While Pakistan has yet to start a Covid vaccination drive, signs are emerging that it’s going to happen pretty soon. After China’s announcement of ‘gifting’ 500,000 doses of a vaccine to Pakistan by the end of January, another good news on free-of-cost availability of a vaccine has come from the World Health Organization. In a statement last Sunday, the world body has announced signing of an agreement for Pfizer-BioNTech vaccine and another arrangement for AstraZeneca/Oxford University vaccine for procurement of two billion doses by the end of the current year. And 150 million of these doses will be made available in the first quarter of the ongoing month.
The agreements have come under the WHO-led Covax programme — a global initiative to ensure rapid and equitable access to Covid-19 vaccines for all countries regardless of income level. Covax is an alliance that had been set up in April last year by the Global Alliance for Vaccines and Immunisation, Coalition for Epidemic Preparedness Innovations and WHO. It has pledged free vaccine for 20% of Pakistan’s population.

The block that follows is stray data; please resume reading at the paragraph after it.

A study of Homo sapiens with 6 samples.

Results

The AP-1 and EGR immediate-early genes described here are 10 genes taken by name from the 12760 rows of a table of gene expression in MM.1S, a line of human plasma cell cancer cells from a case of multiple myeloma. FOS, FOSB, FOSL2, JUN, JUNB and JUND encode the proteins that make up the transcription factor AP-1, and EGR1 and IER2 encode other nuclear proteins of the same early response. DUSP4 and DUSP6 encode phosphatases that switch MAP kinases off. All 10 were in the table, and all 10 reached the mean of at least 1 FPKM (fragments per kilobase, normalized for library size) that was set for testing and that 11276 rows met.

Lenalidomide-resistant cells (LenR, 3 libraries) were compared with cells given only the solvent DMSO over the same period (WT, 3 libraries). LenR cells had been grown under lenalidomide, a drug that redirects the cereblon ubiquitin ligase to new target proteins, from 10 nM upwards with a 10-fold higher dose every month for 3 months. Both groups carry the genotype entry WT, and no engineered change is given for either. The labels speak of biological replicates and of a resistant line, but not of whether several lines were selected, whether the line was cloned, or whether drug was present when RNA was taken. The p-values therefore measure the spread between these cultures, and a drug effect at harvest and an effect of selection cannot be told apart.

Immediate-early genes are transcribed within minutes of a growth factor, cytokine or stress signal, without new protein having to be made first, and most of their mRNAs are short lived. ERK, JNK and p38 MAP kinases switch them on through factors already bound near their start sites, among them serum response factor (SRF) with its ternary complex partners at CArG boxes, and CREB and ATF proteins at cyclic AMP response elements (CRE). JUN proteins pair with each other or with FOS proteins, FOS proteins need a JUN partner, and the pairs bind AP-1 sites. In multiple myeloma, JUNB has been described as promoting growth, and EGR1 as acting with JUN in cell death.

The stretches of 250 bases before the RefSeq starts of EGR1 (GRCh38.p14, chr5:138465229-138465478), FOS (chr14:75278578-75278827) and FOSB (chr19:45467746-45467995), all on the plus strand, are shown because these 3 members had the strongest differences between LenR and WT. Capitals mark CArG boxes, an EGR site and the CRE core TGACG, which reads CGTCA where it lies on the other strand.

Of the two billion doses to be procured under the Covax programme, 1.3 billion will be provided to 92 lower-income economies, including Pakistan, says the UN’s health agency. Therefore, chances of Pakistan getting the free doses in the first quarter of the current year seem to have brightened. And this is why the Ministry of National Health Services has termed it a positive development and expressed the hope that vaccination against the coronavirus will start soon.
A cash-strapped Pakistani government has earmarked a meager amount of $150 million for Covid vaccination campaign, with the amount just enough for 0.2% population. The country is thus heavily relying on free procurement of a vaccine in pursuit of vaccinating at least 70 million people to achieve ‘herd immunity’. The government has also rightly allowed import of vaccine by the private sector so as to cut the burden of the affording class. A mix of this all could take us to the pre-Covid normal.
Published in The Express Tribune, January 26th, 2021.